Same-Sex Romance Comes to Star Wars

“Always two there are, no more, no less: a master and an apprentice.”

Yoda’s observation about the Sith is about to take on a whole new kind of meaning, and let’s not even think about those long lonely nights on the Millennium Falcon. BioWare, Electronic Arts, and LucasArts are set to introduce same-sex romance to the Star Wars universe via their costly flop Star Wars: The Old Republic. In a desperate bid to attract players, the MMO went free-to-play in November following a precipitous drop-off in subscribers, but with some estimates placing the budget in the $200 million territory, the likelihood that it will ever be profitable is minimal.

In the Rise of the Hutt Cartel expansion, BioWare will allow romantically suggestive encounters with same-sex non-player characters (NPCs: the characters a player meets who are not controlled by other gamers). This falls short of the promised same-sex “companion romances” BioWare had promised. (A “companion” is a more significant NPC who accompanies the player.) If precedent is any indication, what this will mean is that restrictions on gender are (more or less) eliminated, potentially making every non-companion NPC functionally bisexual.

Some will write this off as a desperation measure by BioWare and Lucas, eager to score some cheap free ink. I don’t see it that way. BioWare has been consistent in their efforts to put same-sex romance into their games whether it fits or not, in both the Dragon Age and Mass Effect series. We saw the same thing with Skyrim, with comical results like hulking brutes offering to court male heroes, marry them, and then sit around at home tending the hearth. It reminded me of this:


If we’re looking (in the US) at a gay population in the neighborhood of 10 million out of a population of about 300 million, we’re looking at a very small population indeed. Let’s be optimistic and say that 500,000 people are still playing SWOR. If we assume that 3% of the population is gay or bisexual, that means BioWare is devoting money, time, and resources for a failing game to cater to about 15,000 gamers. By comparison, there are about 245 million Christians, roughly 78% of the population. If the percentages of the population mirror those of MMO gamers (and, by and large, they do), then that’s 375,000 gamers.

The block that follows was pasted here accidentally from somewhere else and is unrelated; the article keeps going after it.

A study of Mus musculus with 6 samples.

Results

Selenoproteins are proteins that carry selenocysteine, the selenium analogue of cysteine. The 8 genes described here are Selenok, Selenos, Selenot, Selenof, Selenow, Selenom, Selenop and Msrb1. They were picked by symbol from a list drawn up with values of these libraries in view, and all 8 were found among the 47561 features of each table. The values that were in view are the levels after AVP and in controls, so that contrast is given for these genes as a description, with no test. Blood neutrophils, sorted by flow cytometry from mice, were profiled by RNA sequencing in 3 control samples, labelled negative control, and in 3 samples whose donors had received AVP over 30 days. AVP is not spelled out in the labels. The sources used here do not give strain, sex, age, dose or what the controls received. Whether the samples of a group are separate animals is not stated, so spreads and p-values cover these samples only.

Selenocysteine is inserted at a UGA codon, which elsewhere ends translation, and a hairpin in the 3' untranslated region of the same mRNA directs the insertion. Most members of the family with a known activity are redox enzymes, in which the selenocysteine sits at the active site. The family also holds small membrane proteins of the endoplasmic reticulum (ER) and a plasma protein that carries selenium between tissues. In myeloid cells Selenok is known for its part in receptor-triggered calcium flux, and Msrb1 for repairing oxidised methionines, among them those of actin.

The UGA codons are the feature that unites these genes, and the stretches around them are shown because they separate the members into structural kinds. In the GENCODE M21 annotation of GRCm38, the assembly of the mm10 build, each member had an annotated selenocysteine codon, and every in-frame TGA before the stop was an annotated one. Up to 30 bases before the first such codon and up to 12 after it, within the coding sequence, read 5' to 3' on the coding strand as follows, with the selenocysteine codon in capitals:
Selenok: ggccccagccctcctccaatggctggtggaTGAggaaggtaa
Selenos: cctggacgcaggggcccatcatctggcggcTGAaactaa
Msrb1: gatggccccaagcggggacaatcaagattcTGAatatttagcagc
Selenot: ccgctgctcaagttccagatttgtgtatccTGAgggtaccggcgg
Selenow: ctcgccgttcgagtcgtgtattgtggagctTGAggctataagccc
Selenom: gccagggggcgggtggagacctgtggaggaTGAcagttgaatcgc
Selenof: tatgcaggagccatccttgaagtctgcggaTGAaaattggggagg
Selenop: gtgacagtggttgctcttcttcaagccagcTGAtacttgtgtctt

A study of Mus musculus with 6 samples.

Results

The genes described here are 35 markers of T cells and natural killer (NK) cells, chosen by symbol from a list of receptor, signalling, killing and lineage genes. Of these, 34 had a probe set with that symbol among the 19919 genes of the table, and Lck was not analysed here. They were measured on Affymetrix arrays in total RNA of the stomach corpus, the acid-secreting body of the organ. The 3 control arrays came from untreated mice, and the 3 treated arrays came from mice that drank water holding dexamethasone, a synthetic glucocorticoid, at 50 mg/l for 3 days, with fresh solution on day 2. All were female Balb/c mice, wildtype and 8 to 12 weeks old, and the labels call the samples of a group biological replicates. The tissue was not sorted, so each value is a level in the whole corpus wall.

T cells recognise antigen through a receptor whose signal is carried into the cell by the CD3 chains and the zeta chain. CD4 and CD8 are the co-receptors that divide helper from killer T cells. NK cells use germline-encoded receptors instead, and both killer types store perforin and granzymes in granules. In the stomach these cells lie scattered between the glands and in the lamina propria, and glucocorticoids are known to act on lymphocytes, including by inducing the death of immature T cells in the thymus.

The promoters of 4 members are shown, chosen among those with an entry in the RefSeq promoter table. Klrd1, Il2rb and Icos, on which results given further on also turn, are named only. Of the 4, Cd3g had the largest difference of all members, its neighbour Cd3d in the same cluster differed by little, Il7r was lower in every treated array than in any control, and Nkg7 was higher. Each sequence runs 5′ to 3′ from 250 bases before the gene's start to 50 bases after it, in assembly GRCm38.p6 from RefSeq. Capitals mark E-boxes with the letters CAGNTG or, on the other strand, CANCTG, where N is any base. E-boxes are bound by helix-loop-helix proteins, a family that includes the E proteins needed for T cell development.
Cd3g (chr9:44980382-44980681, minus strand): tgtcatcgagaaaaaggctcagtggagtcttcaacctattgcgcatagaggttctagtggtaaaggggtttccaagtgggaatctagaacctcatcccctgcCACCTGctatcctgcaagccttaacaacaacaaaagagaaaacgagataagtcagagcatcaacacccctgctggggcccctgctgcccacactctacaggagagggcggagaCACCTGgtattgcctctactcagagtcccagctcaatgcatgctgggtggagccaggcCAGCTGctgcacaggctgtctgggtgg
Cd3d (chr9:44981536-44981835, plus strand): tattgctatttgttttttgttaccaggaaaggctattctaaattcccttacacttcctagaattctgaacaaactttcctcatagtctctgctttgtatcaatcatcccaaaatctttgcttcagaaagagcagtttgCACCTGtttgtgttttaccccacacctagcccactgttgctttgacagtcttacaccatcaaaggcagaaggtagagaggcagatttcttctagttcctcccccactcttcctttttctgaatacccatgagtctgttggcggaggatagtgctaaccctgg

So, something else is clearly going on here, and it’s simply BioWare following cultural trends by catering to a very tiny category of gamer. I won’t fault them for the impulse: as creators, they are tasked with exploring the human condition in its many variations and permutations. The percentage of the population which is, say, Jedi or Wookie is even smaller than the percentage that’s gay. It’s clear that BioWare feels this is necessary in the interest of fairness, but more to the point: they’re being led by the current cultural moment which is placing gay issues front and center in all things, whether they fit or not.

BioWare says this is “broadening” the audience to include gays. Fair enough. I’d argue, however, that it’s narrowing the experience for much-larger audience which has no reference point for, or interest in, same-sex romance. It really wouldn’t take much to implement a “sexual preference” switch to turn-off these same-sex advances for straight gamers, rather than having to field a same-sex proposition and decline it. I somehow managed to get through 3 years at an art school in Greenwich Village in the 1980s without getting propositioned by a single gay person (yeah, yeah: keep your comments about my appearance to yourself), so we’re not talking about a universal experience. Must we assume that no one in the Star Wars universe (full of characters with all sorts of extraordinary powers) posses gaydar, or even a long ago and far far away version of Grindr?

The problem is that the scenarios are just absurd, as are most romantic subplots. Game romance–and game sex–has never risen above merely being awkward, and it’s usually just silly. BioWare has handled it better than most, but even they’ve created some truly eye-rolling moments of pure cheese. Most of the romance in Mass Effect (which included SSA) barely rose above the level of bad Mary Sue fanfic.

A bigger problem–and one not lost on BioWare and Lucas–is that we’re talking about Star Wars, a cultural touchstone. If Star Wars is perceived as “going gay,” that’s one more bastion that falls in the culture wars. In reality, romance in the Star Wars movies has always been either a minor feature (the old-fashioned Hepburn/Tracy romance of Han and Leia) or universally derided (the annoying Anakin and Padme courtship). This has very little to do with the dramatic integrity of the game or the Star Wars universe, or with catering to some kind of overwhelming consumer demand. It feels like yet another cultural “eat your spinach” moment in which we’re being schooled on tolerance for our own good. That’s certainly their right as creators, but could they give the rest of us the option to turn it off?

UPDATE: My wife thought my original title–Star Wars Goes Gay–was too flip and didn’t catch the tone of the piece, so I’ve changed it something more sober. My point–overlong, as usual–is that creating universally bisexual NPCs is bad design, that the majority of people don’t want to experience same-sex propositions, and that some sexual preference switch during character creation would be a welcome feature. There also needs to be content advisory for games that include same-sex romance.


Thomas L. McDonald writes about technology, theology, history, games, and shiny things. Details of his rather uneventful life as a professional writer and magazine editor can be found in the About tab.